Only 45 days into the new year, there is a new round of telephone scams seeking to take advantage of seniors
Every county in Nevada has been affected to some extent by these new attempts to part unsuspecting senior citizens with their money.
In a recent article, Brandy Bauer for the National Council on Aging noted, “It is estimated that older adults lose billions of dollars every year to scammers.”
But older adults are getting wiser about what is taking place and are now said “to be more likely to report a scam to the police department or the local telephone company than before.”
Bauer wrote that three scams, in particular, are making the rounds nationwide. In Nevada, scams have been tried in Eureka, White Pine and Lincoln County.
Social Security spoofing is a common scam at present. People call, often with accents from India, claiming to represent the Social Security Administration (SSA).
In some cases, the callers say they want to help activate a suspended Social Security card number, or add the number of a new card to their system. In some cases, the valid SSA hotline number is used to make the scam sound legitimate.
However, the SSA rarely contacts someone by phone unless a person already has ongoing business with them.
Another scam is a new twist on the old grandparent ruse. This is a call
from a person who claims to be a grandchild or knows of a grandchild who has been involved in an accident or legal trouble and needs money immediately.
According to recent Federal Trade Commission (FTC) findings, the caller asks the senior person to take the money, divide the bills into envelopes and place them between the pages of a magazine, then send them by various carriers such as UPS, Federal Express, the U.S. Postal Service or some other means.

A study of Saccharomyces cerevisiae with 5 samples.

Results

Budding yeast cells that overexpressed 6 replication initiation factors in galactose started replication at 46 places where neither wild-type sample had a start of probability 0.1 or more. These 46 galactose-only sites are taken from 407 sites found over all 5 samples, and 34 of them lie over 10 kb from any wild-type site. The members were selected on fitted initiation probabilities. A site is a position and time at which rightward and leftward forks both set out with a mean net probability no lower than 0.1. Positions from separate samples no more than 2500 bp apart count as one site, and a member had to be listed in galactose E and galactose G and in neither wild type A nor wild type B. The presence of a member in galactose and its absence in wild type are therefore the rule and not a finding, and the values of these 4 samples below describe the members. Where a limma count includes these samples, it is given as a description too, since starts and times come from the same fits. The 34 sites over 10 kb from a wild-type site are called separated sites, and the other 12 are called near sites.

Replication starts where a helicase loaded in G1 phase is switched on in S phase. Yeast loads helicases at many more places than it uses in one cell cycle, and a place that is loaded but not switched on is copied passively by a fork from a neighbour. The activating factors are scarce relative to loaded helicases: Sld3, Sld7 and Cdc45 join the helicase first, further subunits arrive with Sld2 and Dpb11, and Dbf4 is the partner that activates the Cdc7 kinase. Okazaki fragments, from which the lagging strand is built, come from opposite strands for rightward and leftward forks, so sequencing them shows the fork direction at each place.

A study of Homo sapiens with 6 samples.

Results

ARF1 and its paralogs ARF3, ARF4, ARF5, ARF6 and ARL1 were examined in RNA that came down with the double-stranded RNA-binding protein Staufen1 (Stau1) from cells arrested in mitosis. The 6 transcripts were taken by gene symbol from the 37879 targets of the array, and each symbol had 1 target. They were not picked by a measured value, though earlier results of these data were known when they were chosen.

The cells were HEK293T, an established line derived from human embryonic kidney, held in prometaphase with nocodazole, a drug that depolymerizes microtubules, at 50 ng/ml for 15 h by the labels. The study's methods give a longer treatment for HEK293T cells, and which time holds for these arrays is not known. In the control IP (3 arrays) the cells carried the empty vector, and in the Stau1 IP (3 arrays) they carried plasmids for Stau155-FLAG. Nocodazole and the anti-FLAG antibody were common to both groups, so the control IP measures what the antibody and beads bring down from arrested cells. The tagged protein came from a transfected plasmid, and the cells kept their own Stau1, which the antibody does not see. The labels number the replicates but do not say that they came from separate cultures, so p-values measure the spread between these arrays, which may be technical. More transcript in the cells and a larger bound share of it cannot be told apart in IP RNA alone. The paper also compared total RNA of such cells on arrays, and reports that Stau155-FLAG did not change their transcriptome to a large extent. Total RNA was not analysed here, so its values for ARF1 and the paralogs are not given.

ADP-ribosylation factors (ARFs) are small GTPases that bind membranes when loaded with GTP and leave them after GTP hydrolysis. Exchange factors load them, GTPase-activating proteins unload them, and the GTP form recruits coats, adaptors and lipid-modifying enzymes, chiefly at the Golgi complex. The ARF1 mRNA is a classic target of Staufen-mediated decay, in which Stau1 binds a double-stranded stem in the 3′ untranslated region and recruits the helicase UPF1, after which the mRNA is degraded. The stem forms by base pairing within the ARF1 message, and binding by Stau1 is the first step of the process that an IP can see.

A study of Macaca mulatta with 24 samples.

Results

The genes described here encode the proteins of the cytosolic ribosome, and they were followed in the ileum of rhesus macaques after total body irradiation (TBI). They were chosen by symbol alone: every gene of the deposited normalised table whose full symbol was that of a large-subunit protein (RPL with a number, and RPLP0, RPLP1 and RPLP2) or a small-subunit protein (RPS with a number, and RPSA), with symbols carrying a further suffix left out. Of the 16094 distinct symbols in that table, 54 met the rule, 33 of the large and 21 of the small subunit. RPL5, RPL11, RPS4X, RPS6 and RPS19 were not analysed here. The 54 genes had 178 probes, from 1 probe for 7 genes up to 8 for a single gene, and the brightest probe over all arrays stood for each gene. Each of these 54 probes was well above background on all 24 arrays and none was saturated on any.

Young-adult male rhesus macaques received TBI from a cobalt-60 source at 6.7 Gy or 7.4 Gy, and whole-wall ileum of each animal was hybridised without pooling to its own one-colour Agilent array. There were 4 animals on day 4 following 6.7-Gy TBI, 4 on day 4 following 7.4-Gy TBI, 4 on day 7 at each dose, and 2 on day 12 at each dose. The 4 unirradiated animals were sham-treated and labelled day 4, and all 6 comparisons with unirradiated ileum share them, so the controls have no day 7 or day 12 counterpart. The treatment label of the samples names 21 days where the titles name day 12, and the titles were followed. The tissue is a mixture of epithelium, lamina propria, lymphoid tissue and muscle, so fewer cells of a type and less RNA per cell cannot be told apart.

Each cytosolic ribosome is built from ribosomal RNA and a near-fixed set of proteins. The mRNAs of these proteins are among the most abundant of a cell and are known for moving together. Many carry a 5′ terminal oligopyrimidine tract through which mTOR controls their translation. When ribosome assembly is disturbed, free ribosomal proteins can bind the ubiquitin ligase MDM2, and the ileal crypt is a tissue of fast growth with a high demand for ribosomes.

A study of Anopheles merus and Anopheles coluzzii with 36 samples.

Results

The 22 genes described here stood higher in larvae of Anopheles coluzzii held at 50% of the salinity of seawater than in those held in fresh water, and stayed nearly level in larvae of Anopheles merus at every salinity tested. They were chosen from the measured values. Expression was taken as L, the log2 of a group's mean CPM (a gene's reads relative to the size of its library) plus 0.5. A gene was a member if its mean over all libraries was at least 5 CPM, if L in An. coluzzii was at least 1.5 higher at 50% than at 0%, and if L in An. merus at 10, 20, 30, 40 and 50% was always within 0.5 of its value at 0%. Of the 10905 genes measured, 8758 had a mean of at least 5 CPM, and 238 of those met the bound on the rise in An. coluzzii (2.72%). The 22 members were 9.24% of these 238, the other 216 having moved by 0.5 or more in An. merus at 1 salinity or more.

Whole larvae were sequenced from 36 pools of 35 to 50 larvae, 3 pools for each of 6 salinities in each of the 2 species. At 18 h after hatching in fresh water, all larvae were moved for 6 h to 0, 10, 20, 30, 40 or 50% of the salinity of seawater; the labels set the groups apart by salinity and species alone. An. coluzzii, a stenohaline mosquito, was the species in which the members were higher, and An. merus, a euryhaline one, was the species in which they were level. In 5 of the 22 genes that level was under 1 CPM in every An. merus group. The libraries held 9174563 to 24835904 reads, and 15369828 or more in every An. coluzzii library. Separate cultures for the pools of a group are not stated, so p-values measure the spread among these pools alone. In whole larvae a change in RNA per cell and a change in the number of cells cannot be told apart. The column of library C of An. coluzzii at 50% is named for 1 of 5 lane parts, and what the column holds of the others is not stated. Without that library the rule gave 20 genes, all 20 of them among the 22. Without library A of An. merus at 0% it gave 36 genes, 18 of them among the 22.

The FTC says if you receive such a call, you should not act immediately. Instead, call the grandchild back, or contact their immediately family and verify their whereabouts and condition.
If you already acted rashly and mailed the money, contact the Postal Service or shipping company immediately to stop shipment and insist on getting a tracking number. It’s possible that the package could be intercepted and returned to you.
A third scam being used in 2019, one of many even older ones, is a call you might receive after a natural disaster that occurred either in your area or some other part of the country.
Wildfires, flooding, windstorms, etc., are a golden opportunity for scammers to target both those who have been directly affected and those who simply want to try to help.
Scammer may impersonate a charity to get money or private information from well-meaning citizens.
Fake websites may also be used to mimic legitimate charities and swindle people into sending their money. Some scammers pretend to be from the IRS and collect personal information under the false claim of helping victims file paperwork for losses and tax refunds.
Recognize this as a scam. If you have a desire to help, always find reputable agencies to support victims of natural disasters. Use the IRS’s tax-exempt organization search tool or look for an organization’s charity rating such as Guidestar and Charity Navigator.
For victims of a disaster, you may use the National Council on Aging’s Benefits Checkup assistance tool to find legitimate help.
The Federal Trade Commission operates a Pass it On campaign where free materials are available by mail or online. You can use these to share information with others or to avoid being scammed yourself in 2019, or any other year.